How is slurry spread on Irish farms…according to the data?

The vast majority of slurry on Irish farms is applied via the splash plate – with some 84% of slurry applied through this method, a new manure management report has revealed.

Meanwhile, 10% of slurry is applied through umbilical systems, 3% through low emission slurry spreading (LESS) and 1% through injection methods, the report details. 1% each was accounted for through “side-end” and “other” methods.

The new study – which was launched by Teagasc today, Wednesday, May 20 – examines manure management practices on Irish farms, which influence the environmental impact of agriculture.

Analysis

The study is based on analysis of farms with bovine animals over the 2016 to 2018 period using data collected by the Teagasc National Farm Survey (NFS).

In all, 81% of manure was stored as slurry and 19% as farmyard manure. In aggregate terms, 30% of slurry was derived from dairy cows, 25% from suckler cows and 11-14% each from cattle in the 0-1 year and cattle in the 1-2 year age categories.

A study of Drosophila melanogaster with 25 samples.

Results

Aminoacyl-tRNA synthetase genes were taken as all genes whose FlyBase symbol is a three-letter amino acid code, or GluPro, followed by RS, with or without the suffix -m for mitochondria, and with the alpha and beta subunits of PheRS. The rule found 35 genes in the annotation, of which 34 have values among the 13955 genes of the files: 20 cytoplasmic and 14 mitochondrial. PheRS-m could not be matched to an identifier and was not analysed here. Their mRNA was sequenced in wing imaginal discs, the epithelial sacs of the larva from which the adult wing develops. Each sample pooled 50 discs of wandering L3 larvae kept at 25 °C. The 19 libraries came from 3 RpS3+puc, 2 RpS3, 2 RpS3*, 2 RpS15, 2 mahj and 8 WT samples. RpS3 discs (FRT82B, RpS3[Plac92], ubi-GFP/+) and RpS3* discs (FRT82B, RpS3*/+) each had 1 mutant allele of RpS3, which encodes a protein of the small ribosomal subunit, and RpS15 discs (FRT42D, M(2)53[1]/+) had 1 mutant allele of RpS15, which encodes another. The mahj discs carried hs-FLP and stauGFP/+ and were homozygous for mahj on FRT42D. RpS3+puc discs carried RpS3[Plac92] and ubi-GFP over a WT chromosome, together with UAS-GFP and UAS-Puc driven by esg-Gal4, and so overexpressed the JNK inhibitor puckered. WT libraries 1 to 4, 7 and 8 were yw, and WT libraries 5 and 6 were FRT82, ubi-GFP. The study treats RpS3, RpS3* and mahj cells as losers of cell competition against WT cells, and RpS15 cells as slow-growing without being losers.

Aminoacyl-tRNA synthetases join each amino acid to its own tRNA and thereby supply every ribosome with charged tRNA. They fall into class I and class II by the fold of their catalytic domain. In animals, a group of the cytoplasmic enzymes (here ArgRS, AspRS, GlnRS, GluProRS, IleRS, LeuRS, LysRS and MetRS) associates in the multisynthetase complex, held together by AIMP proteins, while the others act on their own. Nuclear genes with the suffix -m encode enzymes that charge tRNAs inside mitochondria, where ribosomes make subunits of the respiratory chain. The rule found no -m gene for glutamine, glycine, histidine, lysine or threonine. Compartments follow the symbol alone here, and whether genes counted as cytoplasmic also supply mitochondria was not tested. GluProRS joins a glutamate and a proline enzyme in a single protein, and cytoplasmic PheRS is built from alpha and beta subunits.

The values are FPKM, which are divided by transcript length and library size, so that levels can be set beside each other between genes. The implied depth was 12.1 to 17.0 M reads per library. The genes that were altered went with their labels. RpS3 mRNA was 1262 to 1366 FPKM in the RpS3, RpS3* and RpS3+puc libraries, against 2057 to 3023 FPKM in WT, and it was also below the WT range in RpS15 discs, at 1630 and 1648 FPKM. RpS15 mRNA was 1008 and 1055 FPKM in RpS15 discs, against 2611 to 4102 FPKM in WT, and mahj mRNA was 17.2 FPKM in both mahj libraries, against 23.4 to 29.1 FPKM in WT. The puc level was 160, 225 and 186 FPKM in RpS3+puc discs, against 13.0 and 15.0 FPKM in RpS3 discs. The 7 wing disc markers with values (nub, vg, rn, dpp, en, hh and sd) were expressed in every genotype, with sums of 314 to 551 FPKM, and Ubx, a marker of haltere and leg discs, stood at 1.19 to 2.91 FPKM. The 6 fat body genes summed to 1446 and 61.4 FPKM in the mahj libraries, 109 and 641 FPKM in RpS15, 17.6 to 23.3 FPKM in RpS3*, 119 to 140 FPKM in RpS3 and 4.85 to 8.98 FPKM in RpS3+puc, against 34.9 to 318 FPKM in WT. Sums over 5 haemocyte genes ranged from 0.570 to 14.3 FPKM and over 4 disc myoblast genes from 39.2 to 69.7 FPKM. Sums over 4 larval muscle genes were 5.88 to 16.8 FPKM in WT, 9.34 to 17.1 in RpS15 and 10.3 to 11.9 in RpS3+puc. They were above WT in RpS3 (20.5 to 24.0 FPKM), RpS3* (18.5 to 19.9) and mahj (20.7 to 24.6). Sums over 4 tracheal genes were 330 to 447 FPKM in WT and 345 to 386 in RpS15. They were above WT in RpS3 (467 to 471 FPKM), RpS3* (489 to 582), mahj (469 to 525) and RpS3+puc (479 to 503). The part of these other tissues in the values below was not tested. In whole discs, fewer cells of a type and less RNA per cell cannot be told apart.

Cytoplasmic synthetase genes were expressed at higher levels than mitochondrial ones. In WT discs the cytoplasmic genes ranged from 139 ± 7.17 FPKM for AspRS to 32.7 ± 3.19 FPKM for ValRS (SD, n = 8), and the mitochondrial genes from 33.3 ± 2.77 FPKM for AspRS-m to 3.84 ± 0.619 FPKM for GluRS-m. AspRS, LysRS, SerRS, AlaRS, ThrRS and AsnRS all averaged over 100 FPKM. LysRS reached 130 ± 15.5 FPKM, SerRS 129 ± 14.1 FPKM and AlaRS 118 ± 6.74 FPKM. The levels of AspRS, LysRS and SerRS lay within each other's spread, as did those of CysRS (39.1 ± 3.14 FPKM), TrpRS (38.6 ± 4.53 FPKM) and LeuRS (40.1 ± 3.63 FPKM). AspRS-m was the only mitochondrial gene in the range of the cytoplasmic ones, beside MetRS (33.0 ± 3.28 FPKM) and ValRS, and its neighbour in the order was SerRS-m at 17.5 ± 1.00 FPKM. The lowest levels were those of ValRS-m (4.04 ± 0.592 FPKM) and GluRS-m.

A total of 44% of slurry was applied to land between January and April, with a further 40%, 13% and 3% applied during the May-July, August-September, October-December periods respectively.

Nationally, the vast majority of slurry (84%) was found to be applied via the splash plate method, with a further 10%, 3% and 1% by umbilical, low-emission slurry spreading and injection methods respectively, Teagasc notes.

The majority of aggregate slurry (87%) was stored under a roofed slatted tank.

The study

The study looks into the duration of bovine animal housing periods, the prevalence of different types of slurry and farmyard manure storage facilities, the proportion of manures generated by different animal types, the extent of seasonality of manure application and the extent to which various slurry application and manure storage methods are employed.

The report generally takes a three-year average approach to filter out year-on-year variations.

The data show that dairy cows and bulls were housed for 121 days, while other bovine livestock categories tend to be housed for between 147 and 150 days.